Born: 26 May, 1925 in Belfast. Died: 16 November, 2011, in Newcastle, aged 86.
Petroleum engineer Brendan McKeown was written into oil industry folklore as much for his judicious use of a pickle jar as for his skills as a drilling engineer.
The jar was the unlikely receptacle he chose to mark a seminal moment in Scotland’s industrial history: the transportation ashore of the UK’s first North Sea oil.
The discovery was kept secret and McKeown, a veteran of the Kuwaiti and Iranian oil fields, regarded it privately as “the North Sea bubble”.
Though it is true the South Montrose discovery could not be described as a huge commercial success, it paved the way for today’s multi-billion pound energy industry and became McKeown’s footnote to 20th century history.
The son of a respected maths teacher, he was born and raised in Belfast where he attended St Malachy’s College before graduating with a BSc in civil engineering from the city’s Queen’s University in 1946.
His first job was as a civil engineer in the Ministry of Health at Stormont but by 1949 he had joined the Kuwait Oil Company (KOC) as an assistant civil engineer and was involved in various major infrastructure projects, including power stations, jetties and harbour works.
In 1955, he returned to the UK to take a post-graduate diploma in oil technology at Imperial College, London. However, he remained with the KOC and back in Kuwait he was attached to the company’s drilling office.
When the drilling engineer he was covering for failed to return from leave, he got the chance to move from building swimming pools and clubhouses for the compound to learning the nitty gritty of the oil business from the drill floor.
In 1960, he became a trainee driller and within six months had his own crew. He rose through the ranks to senior drilling engineer and then superintendent of operations and worked alongside famous oilfield firefighter Red Adair.
Growing tired of the desert, he moved to Tehran in 1965 as operations manager for the Iranian Offshore Petroleum Company and spent two years there before joining Amoco.
By the late 1960s, the race was on to find black gold under the North Sea. McKeown, who was living near Norwich, was the company’s drilling superintendent and commuted to Aberdeen at least a couple of times a week. When Amoco struck oil in the UK sector for the first time, the irony was that it was with a BP rig and crew.
McKeown and his team had been running drill stem tests in the Montrose field, (later known as the Arbroath field) east of Aberdeen, but the reports containing the results were known only to a handful of people.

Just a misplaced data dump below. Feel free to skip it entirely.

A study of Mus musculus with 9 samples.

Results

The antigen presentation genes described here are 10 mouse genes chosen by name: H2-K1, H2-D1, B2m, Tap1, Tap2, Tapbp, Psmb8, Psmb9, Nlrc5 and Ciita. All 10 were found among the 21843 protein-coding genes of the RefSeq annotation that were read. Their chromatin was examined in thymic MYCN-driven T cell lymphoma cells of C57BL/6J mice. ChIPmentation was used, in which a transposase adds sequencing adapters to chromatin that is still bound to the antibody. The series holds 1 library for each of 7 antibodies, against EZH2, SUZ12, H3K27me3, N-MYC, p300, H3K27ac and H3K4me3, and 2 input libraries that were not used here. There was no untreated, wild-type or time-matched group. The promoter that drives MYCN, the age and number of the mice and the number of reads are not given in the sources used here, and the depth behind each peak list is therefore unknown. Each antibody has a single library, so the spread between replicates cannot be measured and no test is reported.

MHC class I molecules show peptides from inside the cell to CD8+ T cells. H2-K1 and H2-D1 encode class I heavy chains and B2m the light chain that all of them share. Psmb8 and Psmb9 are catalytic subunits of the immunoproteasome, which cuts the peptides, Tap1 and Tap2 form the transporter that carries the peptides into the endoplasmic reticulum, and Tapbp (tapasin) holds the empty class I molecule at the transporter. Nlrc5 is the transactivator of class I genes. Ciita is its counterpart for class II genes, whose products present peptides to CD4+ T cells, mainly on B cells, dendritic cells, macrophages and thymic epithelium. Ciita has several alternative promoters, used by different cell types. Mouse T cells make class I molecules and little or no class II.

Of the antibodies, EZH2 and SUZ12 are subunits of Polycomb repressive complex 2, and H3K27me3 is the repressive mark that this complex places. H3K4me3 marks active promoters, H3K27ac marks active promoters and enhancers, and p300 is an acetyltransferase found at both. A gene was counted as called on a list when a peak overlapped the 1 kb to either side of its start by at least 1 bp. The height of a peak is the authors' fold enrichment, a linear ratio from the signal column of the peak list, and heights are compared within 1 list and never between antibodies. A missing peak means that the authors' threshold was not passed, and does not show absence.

Those on the rig floor were unaware of the significance of their work and, as part of their precautions, the data was passed to the favoured few via coded radio messages based on American high school football teams. Copies of the vital test reports were also filed in a safe in Aberdeen.
One night, in the middle of September 1969, McKeown was roused from his bed when the discovery in well 28/18-1 was imminent.
He caught a 7am helicopter out to the rig where the momentous find was subsequently made.
Borrowing a pickle jar from the galley, he brought a sample ashore, delivering it onto his boss’s desk where a small quantity was poured into a glass ashtray and set alight, confirming it was indeed oil.
McKeown later admitted he was “over the moon” but sceptical, and no big announcement was made at the time. As a result, it was several years before Amoco was able to take the credit for finding the first oil.
Meanwhile, McKeown went on to become operations manager at the Bacton gas terminal and division operations manager for Amoco UK gas fields.
During his career, he was proud to host a visit by Princess Anne, who was just 18 and on her first official engagement, when she made a trip to Amoco’s Leman field.
In 1985, he was named Great Yarmouth’s first Oil Baron of the Year by the town’s Society of Petroleum Engineers, of which he was a member. And he was made an OBE, for services to the oil industry, in the Queen’s Birthday Honours in 1986, the year he retired. He was also an associate member of the Institution of Civil Engineers, a founder of Lions International in Wroxham, in the Norfolk Broads, where he lived for 45 years, a keen golfer and true family man. He and his wife Sue married in Ballymena in 1951 and celebrated their 60th wedding anniversary in September.
He is survived by Sue, their children Connie, John and Martin and six grandchildren.